A well-respected arts journalist was found dead days after travelling to farmland to attempt shamanic meditation, an inquest heard today.
The body of Florence Waters was found in farmland by volunteers after a major county-wide search was triggered following her disappearance.
Coroner Darren Salter said the 33-year-old Daily Telegraph columnist and artist had died from hypothermia.
A body was discovered by a search team shortly after a farmer found an abandoned white canvas bag, belonging to Ms Waters, in an Oxfordshire field.
The coroner had heard that Ms Waters had expressed a desire to undertake 'vision quest' meditation – a shamanic ritual she hoped would assist her creativity – shortly before she died.
Speaking after the inquest her family said: "She was excited to do this quest and set off to do it believing it would lead to a deeper creative life.
"We wish she had been less fearless."
Ms Waters' body was discovered close to Weavers Branch in Thame, Oxfordshire days after going missing from her Oxford home in November 2018.
Brother Freddie Water had visited her in the days before her death and raised concerns about the declining state of the journalist's mental health.
The inquest heard she was found laying down for hours in her cold studio, with no thermal wear, and had expressed a wish to undertake 'vision quest' meditation.
The incident sparked growing fears among Ms Waters' family who had noticed changes in her behaviour in the weeks before she was reported missing on November 19.
She had been seen wandering bare foot and holding her boots through a field in the freezing cold by startled pedestrians, who subsequently learnt of the search for the missing woman and reported it to police.
After detectives launched an exhaustive county-wide search for the missing journalist, a farmer in Thame told police he had found an abandoned canvas shopping bag lying in a field.
Andrew Harwood and Trajan Brand, two volunteers searching for Ms Waters, discovered her body lying in a ditch shortly before 7.30pm on November 22, Mr Salter told the inquest at Oxford Coroner's Court.
By that point she had been missing for three days.
Paramedics who attended the scene confirmed her death two hours later, although the coroner said the precise day or time she had died could not be determined.
The pathologist who carried out a post mortem examination on Ms Waters' body said the cause of death was consistent with hypothermia.
Appearing at the inquest, Dr Alexander Kolar said there were no signs of suspicious circumstances, alcohol or substance abuse.
He added there were some visible external injuries, such as cuts and bruises, likely attained from her travels through rural land.
Julian Masters, a psychiatrist, told the inquest that the journalist had a history of mental health issues including depression and anxiety which had spiralled in the days before her disappearance.
However, she had never shown suicidal will or intention, or expressed a desire to perform outdoor meditation or fasting.
Ms Waters was a regular freelance contributor to the arts pages of the Telegraph and a talented and respected artist in her own right – with works for sale on the Saatchi and Saatchi website.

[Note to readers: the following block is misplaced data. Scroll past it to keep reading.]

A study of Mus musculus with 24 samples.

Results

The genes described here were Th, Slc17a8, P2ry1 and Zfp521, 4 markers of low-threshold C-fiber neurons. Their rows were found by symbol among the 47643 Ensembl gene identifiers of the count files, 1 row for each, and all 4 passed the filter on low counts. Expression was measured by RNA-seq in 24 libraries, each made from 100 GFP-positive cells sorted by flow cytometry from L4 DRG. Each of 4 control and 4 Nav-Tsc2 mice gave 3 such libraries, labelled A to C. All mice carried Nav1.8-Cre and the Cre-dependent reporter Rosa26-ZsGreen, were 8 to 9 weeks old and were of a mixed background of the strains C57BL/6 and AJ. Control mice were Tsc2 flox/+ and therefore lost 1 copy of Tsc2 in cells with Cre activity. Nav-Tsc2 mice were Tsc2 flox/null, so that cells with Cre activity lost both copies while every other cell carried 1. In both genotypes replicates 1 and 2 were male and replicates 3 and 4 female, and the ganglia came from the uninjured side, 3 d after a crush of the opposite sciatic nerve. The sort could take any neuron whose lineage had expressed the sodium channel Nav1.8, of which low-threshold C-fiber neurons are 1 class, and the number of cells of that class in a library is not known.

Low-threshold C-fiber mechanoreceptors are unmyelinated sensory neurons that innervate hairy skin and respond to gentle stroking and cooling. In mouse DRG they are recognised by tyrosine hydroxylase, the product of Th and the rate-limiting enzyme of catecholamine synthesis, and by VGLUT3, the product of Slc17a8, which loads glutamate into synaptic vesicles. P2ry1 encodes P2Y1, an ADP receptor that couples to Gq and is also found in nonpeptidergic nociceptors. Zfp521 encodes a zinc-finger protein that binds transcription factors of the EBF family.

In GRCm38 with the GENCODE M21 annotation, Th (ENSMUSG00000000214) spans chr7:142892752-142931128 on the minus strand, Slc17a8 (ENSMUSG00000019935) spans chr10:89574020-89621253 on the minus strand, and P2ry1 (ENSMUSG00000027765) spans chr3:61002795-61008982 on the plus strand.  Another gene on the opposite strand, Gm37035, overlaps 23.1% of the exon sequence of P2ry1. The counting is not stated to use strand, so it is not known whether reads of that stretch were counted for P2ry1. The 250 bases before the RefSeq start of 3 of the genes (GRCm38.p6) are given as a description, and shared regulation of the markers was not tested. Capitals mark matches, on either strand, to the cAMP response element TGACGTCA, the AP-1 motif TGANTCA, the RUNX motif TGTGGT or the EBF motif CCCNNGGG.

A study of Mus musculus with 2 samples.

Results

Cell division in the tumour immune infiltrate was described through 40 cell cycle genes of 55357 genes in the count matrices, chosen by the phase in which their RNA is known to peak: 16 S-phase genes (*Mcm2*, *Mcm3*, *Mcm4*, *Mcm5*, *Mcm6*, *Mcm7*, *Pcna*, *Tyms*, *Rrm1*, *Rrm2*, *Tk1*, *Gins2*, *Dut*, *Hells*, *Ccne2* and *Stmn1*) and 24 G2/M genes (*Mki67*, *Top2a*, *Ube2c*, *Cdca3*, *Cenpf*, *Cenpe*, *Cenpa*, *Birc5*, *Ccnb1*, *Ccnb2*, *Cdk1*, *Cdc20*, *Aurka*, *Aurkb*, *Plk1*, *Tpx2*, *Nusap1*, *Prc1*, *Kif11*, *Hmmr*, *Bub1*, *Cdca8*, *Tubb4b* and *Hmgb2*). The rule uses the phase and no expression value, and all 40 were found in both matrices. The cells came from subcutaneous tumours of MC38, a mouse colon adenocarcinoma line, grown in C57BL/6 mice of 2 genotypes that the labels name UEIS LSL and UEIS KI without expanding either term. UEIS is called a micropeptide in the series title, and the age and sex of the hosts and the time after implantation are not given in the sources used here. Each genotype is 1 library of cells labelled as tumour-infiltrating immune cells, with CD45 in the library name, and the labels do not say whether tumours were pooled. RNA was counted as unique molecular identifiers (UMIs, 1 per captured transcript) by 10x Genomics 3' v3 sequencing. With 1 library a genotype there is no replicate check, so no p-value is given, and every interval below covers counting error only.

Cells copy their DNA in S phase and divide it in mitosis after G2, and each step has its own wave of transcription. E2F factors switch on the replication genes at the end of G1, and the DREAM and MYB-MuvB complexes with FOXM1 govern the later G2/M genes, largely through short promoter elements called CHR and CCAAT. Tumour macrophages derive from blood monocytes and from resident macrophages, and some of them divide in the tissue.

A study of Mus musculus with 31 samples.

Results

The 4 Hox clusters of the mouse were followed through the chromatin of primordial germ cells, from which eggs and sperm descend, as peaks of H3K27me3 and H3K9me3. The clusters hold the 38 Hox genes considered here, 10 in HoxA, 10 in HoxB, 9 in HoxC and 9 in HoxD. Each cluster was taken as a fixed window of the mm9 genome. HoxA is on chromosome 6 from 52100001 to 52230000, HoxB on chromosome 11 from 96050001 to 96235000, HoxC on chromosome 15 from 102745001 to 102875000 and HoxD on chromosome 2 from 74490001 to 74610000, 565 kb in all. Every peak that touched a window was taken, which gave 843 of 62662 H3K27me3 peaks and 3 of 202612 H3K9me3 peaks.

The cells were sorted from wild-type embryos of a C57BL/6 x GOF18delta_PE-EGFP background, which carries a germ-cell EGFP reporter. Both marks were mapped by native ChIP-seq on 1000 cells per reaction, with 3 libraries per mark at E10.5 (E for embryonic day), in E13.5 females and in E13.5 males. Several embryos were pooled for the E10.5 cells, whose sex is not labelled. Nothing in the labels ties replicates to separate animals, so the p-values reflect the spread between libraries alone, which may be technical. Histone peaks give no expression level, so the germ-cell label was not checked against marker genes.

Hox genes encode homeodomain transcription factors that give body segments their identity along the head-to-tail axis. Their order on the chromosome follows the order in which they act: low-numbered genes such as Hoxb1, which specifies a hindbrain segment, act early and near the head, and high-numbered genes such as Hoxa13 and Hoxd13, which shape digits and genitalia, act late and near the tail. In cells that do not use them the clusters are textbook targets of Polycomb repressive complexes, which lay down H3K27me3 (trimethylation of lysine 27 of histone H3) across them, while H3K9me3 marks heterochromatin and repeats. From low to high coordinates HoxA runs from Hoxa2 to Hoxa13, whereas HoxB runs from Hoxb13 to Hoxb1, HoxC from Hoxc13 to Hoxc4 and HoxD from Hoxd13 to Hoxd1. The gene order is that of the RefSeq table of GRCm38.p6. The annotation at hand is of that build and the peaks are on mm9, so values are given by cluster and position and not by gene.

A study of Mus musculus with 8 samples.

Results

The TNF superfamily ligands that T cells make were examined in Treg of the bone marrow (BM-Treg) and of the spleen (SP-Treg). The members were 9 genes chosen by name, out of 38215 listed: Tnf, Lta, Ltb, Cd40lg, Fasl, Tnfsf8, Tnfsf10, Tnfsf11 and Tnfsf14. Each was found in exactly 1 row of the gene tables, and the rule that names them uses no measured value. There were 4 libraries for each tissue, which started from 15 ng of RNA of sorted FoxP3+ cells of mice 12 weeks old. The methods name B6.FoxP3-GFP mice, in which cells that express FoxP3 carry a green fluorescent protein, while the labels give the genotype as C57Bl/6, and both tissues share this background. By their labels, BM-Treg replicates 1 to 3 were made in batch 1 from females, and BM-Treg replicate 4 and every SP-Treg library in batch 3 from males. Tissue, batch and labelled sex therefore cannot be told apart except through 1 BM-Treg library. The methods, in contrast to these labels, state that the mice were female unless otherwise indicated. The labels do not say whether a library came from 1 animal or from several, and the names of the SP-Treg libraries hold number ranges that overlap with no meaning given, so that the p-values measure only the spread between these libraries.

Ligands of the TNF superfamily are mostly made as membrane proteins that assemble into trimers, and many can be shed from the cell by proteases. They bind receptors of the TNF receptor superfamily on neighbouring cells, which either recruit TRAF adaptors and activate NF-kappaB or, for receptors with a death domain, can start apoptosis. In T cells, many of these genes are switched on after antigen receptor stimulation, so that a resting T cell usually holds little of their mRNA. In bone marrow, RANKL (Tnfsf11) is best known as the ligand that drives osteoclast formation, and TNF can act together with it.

An introverted woman, the inquest heard she had also considered a career in art therapy and had worked with autistic children, which she enjoyed.
Addressing the hearing, Senior Coroner Mr Salter recorded a narrative conclusion.
He said: "Florence had a history of anxiety and depression but not suicidal ideation. There had been a deterioration in her mental state and a change in behaviour including an expressed desire to lay down and meditate outside.
"On November 19, 2018 she travelled to Thame town centre, and on November 20 at 3pm she was observed walking in a field near Weavers Branch in Thame.
"There was a possible sighting nearby on November 21 at 2pm.
"On November 22 at about 19:20 hours she was discovered deceased in a ditch at the border of a field nearby Weavers Branch in Thame. It is believed she died on or around November 21.
"A medical causal of death was recorded as hypothermia. There was no evidence of assault or third party circumstances.
"It is likely she lay down to meditate or sleep, but died due to the cold the hypothermia."
In an emotional statement issued after the hearing, Ms Waters' family paid tribute to a "wonderful, amazing girl."
"She was unaffectedly beautiful inside and out, and touched the lives of so many with her kindness, generosity and warmth," they added.
"She was talented in many ways, as a writer, journalist and artist, and she channelled her thoughtfulness into all her creations. She had a great sense of humour, an infectious laugh, with a smile never far away.
"She was fearless and brave with the courage always to go her own way. She was excited to do this quest and set off to do it believing it would lead to a deeper creative life. We wish she had been less fearless.
"We are still in complete shock at what happened – heartbroken to lose our precious daughter and sister. So loved and so missed. She will always be with us.
"Finally we would like to thank everyone who helped with the search and attended to her subsequently."